Note: I didn't happen to take the video, that honor belongs to YouTube user adventurefit. I'm sure he/she won't mind a few more views, right?
I traveled down to Denver’s almost-intimate Gothic Theatre for a three-act show earlier this October: pseudo-rock group Trouble Andrew, indie rock duo Mates of State and then headliner Santogold.
While its structure and acoustics might not be much different from several other Denver venues (it has an odd similarly to The Ogden Theatre in that the standing room sections is divided into thirds while special VIP high rises line the walls), the Gothic generally showcases college radio acts and as such, typically draws a young and eccentric crowd. The sound carries well in the Gothic’s high hall, but to really watch the show is to stand in the front section. There, one’s ears can surf on the finest timbre while dancing with the crowd.
Opening act Trouble Andrew was undoubtedly the weakest act of the night, barely rousing the crowd members out of their stand still positions with their quirky downbeat skateboarder jams. Lead singer Trouble played up a strong stage presence, talking with the crowd and promoting the acts that were to follow. But it couldn’t excuse the fact that Trouble’s pitch couldn’t keep in tune with the backing guitar or bass melodies, and he constantly struggled with his intervals. I was particularly disappointed to listen to the offbeat live version of “Chase Money”, a song where Trouble’s uptempo delivery flows perfectly with the mellowed out melody. At the Gothic, however, he could barely keep up.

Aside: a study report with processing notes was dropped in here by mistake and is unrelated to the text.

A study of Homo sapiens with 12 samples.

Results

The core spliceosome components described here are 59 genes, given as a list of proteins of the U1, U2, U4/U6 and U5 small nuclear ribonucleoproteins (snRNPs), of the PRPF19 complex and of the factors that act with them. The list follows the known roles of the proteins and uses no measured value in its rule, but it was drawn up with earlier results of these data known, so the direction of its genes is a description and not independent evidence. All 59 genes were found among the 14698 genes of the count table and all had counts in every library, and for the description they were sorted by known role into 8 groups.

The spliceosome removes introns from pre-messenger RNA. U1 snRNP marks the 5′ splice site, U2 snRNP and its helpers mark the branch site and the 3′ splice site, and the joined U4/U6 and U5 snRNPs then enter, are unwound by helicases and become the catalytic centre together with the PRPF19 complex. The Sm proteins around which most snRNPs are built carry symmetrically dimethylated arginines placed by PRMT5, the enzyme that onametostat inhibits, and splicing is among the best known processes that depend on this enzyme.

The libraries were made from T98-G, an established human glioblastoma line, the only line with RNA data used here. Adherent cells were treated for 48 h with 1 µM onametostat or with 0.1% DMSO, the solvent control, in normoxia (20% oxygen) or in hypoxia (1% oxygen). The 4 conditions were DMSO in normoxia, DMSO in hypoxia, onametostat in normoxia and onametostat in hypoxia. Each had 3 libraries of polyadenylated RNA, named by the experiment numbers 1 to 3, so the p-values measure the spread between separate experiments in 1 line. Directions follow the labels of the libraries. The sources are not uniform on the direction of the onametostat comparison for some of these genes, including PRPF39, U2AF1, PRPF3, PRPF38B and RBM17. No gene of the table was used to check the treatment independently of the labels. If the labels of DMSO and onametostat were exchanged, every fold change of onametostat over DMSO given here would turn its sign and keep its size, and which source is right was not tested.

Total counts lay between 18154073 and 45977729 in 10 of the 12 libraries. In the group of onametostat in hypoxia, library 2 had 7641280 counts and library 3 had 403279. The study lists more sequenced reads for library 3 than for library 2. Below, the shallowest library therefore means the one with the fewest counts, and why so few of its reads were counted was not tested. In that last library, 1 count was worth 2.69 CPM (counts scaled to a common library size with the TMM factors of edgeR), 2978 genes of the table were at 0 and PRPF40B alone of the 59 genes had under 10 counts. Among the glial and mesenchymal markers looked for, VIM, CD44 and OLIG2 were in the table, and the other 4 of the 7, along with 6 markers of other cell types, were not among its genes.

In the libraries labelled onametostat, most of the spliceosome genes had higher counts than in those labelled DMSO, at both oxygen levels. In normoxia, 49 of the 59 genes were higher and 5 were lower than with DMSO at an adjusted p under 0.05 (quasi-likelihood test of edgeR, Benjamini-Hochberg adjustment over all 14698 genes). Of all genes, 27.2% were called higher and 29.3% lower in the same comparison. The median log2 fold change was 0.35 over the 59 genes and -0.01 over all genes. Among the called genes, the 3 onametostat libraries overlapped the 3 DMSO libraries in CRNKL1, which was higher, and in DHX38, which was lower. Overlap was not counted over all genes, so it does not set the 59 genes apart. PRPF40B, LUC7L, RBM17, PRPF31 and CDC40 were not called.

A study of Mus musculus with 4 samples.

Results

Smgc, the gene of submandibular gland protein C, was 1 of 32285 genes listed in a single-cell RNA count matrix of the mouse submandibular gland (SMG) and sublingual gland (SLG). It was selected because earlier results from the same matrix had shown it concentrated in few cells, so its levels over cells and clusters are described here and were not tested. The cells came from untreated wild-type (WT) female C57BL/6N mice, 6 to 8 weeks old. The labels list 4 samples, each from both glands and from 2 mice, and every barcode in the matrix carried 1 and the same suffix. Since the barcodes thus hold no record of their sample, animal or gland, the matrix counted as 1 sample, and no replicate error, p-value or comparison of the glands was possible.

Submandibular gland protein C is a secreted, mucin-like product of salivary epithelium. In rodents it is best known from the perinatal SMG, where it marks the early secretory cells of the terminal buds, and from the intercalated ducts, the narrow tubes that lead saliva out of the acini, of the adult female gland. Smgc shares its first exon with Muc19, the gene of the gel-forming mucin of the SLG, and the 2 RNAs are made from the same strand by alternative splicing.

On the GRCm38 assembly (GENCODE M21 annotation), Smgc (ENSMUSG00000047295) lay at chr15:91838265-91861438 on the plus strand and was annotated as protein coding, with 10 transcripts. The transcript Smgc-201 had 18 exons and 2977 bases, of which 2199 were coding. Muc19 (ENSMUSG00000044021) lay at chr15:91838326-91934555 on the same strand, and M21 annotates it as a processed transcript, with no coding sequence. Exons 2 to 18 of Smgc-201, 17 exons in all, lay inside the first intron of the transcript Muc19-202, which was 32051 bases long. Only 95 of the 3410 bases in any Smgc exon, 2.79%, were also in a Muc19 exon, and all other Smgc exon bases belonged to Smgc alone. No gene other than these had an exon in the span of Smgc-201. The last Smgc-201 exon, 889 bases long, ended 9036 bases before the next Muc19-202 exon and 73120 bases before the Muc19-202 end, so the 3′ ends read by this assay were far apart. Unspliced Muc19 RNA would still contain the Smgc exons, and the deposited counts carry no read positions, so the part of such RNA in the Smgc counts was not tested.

Following Trouble Andrew was Mates of State, a band I had only experienced a couple of times prior to the show, never really forming much of an impression. They did a decent live show, the two never moving from behind their microphones and Casio keyboards. Harmony is an essential in the music of Mates of State, who put forth forward energy throughout their set, their songs often lapsing into one another. Their set, which kept a fluffy up-tempo dissonance, was a stark contrast to the previous moodiness, throttling me into a bubblier attitude. By the end of this set, I was dancing along with the erratic nigh-nonmetric fills.
In the moments before Santogold took the stage, two schoolgirl uniformed dancers wearing oversized sunglasses high-kneed their way on, exciting the crowd with a minute-long synchronized stiff dance. They’d flank Santogold for the rest of the night, purveyors of minimalism in a setting that flickered between drone dub and jungle dance beats.
Santogold’s standout performance was “LES Artistes”, a fan-favorite track that builds off a mixed meter electro-percussion beat, eventually blooming into an orchestral synth chorus. Santogold nailed her vocal accentuations, allowing me a newer pleasant access to the hope-under-stress emotions I was filled with during my first listen earlier this year.
The only disappointment of the show was a decision to perform a bare-bones version of “Lights Out”; Santogold turned a song that has pretty pop chorus and succinct guitar riff into an acoustic solo vocal performance of the opening verse, and then promptly transitioning into the next song’s melody. When an artist performs a stripped-down version of their song, he/she owes it to their fans to make sure it sounds good without a backing beat and the other six-sevenths of the song.
She closed out the set (excluding her unspectacular encore) with jungle blaster “Creator”, inviting up some colorful characters from the very front up on stage to dance along with her. Santogold navigated through the crowded stage fairly easily, dropping each verse with a smile on her face and an occasional laugh at one goofy guy she stared down during delivering the final zipping verse.